Steve Krug addresses the use of conventions in chapter 3 of Don’t Make Me Think Revisited. He clarifies this concept by comparing for example, STOP signs. We recognize stop signs without having to read the word stop. Even when stop signs are in other languages the signs maintain consistency, and we recognize them without having to read or think about it. He applies this concept to scan-ability and writing for the web. Users don’t spend time reading, they scan.
Essentially, make things obvious.
As users we expect certain web options to be in specific places, for instance we have come to expect a search bar in the upper right somewhere on our screen. Why? Because its usually in the upper right of our screen, that’s why. When we don’t find it there we have to stop and think and that slows us down from our initial tasks. Yes, we seem to be quite impatient, don’t we? So stay consistent. Or as Steve says “don’t reinvent the wheel.”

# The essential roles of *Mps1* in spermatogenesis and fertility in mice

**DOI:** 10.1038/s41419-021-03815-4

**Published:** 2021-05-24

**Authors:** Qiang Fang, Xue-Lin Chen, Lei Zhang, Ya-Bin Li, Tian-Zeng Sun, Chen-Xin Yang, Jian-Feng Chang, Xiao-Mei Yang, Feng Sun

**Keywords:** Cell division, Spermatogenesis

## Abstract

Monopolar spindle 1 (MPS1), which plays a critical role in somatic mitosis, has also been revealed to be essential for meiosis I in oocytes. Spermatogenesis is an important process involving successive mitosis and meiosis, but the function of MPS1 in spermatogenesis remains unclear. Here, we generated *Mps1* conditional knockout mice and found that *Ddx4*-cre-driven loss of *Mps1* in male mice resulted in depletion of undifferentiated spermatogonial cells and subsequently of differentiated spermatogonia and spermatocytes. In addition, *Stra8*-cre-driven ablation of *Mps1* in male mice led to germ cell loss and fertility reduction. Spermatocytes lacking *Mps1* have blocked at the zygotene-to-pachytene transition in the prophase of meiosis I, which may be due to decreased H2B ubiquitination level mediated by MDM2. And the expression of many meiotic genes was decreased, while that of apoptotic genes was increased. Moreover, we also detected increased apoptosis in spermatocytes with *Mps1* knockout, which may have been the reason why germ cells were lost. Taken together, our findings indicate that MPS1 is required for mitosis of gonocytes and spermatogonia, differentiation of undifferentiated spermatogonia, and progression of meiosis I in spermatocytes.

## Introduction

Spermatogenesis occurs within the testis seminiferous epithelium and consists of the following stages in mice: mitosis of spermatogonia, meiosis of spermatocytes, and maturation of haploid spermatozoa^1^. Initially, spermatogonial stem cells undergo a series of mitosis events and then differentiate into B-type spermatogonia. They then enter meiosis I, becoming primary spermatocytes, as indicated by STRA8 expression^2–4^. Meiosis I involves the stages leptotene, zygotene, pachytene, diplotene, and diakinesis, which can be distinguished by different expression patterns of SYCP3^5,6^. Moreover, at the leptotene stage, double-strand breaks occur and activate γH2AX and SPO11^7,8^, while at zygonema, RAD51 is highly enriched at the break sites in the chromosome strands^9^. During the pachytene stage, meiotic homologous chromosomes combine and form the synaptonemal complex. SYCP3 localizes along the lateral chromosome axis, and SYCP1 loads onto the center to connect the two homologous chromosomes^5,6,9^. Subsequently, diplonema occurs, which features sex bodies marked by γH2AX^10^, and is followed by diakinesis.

When we are online as users, we are scanning for the information we need or topics and headlines that interest us. We want what we are looking for to jump out at us ” Here I am!” Krug lists several ways to accommodate to users and incorporate the conventions that we have grown accustomed to.
A great way to promote scan-ability is by dividing the content by headings and subheadings. You can achieve this by separating the information by level of importance and or prominence on a page. This allows the user to find exactly what they are looking for without having to read paragraphs of unrelated information.